At the great @slow-roads, we stumbled upon an image of two staircases side-by-side, the steps staggered, with no banister or partition between. There was no commentary.

How fantastic, we thought. It defies our notion of stairs, what they do and how they function. Defying the usual…logic.

It reminded us of artist Beatrice Wood’s perfect description of Marcel Duchamp’s revolutionary Fountain, a readymade sculpture made from a porcelain urinal signed “R. Mutt”. In 1917, it upended the art world and changed the way viewed art, and artists.

 He took an ordinary article of life, placed it so that its useful significance disappeared under the new title and point of view—created a new thought for that object. 

THAT reminded us of the astonishing side-by-side toilets we came across in a New York City cafe’s rest room:

Sally Schneider

We’re grateful to the anonymous persons who unknowingly broke and then expanded our view of stairs and toilets,…

…created a new thought for that object…

Marcel Duchamp via Wikimedia Commons

…and expanded our imagining…


Soon after we published the double stairs, we got an email from designer Pamela Hovland to alert us that they are called “alternating treads”, and are an ingenious way to create a staircase in a limited space (traditional treads and risers require a pretty big footprint). She sent a photo of the version she has in her Minnesota cabin:

Pamela Hovland

We still couldn’t “get” how they work, stuck as we were on the idea that a person went up or down on one side of the staircase. It hadn’t occurred to us that you walk up or down the center of it. Pamela explained:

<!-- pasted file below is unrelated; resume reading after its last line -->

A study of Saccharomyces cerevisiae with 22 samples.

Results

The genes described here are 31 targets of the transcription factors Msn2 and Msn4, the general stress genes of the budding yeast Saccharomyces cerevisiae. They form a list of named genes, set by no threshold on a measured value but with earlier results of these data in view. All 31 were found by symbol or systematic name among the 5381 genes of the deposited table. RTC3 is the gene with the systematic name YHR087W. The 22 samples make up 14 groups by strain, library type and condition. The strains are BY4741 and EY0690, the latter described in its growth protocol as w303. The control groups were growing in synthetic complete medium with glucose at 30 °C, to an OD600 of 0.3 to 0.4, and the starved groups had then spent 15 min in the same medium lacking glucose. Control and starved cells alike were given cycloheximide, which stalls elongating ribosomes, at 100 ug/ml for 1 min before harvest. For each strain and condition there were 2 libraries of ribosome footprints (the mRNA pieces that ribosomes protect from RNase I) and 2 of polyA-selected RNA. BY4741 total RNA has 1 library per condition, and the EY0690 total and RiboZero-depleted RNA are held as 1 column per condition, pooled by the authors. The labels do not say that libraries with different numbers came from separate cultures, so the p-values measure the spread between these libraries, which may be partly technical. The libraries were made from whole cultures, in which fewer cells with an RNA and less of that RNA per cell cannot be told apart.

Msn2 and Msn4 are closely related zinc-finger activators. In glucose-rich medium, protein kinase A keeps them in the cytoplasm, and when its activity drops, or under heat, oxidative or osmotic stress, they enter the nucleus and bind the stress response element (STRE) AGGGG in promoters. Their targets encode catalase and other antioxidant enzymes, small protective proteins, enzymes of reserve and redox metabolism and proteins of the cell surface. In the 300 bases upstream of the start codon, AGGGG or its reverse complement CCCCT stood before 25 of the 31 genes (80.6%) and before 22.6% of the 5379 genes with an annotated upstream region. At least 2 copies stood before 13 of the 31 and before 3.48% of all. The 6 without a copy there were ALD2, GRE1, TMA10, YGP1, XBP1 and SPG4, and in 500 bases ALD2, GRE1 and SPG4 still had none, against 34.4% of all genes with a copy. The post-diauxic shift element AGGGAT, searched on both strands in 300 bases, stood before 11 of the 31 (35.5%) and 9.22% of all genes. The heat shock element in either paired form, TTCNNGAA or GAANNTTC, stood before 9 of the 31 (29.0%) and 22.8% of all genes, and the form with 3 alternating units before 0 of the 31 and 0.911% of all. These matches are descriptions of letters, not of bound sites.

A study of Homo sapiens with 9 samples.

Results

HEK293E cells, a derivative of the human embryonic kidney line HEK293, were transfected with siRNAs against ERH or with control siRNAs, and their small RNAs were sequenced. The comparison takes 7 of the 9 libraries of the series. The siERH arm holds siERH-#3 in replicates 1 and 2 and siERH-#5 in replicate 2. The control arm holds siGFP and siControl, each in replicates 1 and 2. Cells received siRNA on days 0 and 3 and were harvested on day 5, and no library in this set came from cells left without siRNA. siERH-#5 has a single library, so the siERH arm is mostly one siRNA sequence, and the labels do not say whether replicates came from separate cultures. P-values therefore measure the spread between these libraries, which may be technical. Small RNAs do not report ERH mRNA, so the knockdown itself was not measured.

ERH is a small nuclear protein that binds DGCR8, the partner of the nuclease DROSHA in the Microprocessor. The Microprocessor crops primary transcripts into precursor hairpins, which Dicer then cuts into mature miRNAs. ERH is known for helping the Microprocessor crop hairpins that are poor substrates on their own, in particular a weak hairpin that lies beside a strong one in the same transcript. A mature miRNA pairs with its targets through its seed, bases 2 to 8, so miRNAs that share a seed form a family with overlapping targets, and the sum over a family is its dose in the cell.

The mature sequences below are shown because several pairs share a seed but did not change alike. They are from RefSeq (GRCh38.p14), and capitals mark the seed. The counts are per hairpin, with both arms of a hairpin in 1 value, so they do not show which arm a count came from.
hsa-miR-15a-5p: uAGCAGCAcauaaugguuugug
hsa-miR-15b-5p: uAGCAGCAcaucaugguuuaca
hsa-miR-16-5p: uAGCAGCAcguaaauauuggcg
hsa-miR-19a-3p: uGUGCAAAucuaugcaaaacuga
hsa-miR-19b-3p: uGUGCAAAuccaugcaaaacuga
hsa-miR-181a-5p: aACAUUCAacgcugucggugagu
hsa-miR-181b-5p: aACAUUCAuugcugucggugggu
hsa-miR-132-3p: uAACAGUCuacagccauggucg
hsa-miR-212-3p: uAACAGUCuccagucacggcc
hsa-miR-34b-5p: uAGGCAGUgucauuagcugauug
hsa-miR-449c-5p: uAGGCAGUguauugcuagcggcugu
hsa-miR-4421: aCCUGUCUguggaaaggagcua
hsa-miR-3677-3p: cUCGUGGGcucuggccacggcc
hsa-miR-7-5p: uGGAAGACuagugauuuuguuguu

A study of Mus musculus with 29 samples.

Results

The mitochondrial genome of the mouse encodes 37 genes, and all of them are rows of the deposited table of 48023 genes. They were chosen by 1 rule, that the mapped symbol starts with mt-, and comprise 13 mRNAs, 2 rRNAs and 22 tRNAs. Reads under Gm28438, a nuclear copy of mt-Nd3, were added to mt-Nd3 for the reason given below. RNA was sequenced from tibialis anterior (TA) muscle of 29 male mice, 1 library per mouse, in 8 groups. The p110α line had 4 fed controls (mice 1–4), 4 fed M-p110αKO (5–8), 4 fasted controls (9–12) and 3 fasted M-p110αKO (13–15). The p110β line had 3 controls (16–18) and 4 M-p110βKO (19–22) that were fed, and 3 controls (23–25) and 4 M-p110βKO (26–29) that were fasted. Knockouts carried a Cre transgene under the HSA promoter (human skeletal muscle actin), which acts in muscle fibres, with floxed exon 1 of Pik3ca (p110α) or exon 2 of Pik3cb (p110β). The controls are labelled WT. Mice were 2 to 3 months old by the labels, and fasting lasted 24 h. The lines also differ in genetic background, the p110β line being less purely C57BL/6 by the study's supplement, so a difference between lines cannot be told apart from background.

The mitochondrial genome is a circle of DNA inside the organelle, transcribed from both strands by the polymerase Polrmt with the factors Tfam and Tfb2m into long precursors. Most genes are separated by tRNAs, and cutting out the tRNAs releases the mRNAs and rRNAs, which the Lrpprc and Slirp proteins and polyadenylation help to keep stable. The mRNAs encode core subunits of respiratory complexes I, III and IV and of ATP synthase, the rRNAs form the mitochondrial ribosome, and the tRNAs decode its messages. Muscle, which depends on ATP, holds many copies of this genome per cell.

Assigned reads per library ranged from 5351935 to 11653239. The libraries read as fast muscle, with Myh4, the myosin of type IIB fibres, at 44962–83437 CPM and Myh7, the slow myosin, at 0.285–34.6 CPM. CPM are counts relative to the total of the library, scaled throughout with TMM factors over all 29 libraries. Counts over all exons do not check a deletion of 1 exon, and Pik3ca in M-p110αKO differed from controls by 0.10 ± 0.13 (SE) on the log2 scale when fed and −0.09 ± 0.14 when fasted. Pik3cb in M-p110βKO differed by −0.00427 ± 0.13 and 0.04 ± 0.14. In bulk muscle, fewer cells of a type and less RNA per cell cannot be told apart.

…you simply place one foot on the left ’stairs’ and one foot on the right as you ‘climb’ your way up (or down). Everyone that uses the stairs at our cabin is surprised at how they function — as the complicated visual doesn’t match the effortless experience. In fact, if you close your eyes as you climb (which I wouldn’t suggest), the climbing feels exactly the same as traditional steps.

Our “stuckness” is a fine example of rut/rote thinking limiting the view…

Then we had our mind blown again. Designer Laura Handler who writes the Interesting Found Objects blog, sent an image of THREE side-by-side toilets she spotted in “some fancy historic house – but I can’t remember where”.

Laura Handler

Much to ponder…

Photo at top: via @slow-roads, courtesy of  @_marinadenisova_ @pocoapocoapoco @openhousemagazine #slowroads


  1. The stairs in the photo are called ‘alternating treads’ and I have two sets of them in our small lake cabin in Minnesota — one set to a sleeping loft and another to the basement. They are definitely the subject of conversation and it always surprises people that the experience of climbing up or down FEELS exactly like traditional stairs. They are completely code compliant and an ingenious way to save space as traditional treads and risers require much more of a footprint. And, as you suggest, they feel like a sculptural element in the house. Come for a visit Sally!

  2. If you google images of “tiny house alternating stairs” you’ll find lots of wonder designs. Lots of improvising in tiny houses. I periodically get lost down the Pinterest rabbit hole of tiny house storage ideas to use in my small 1950s ranch house.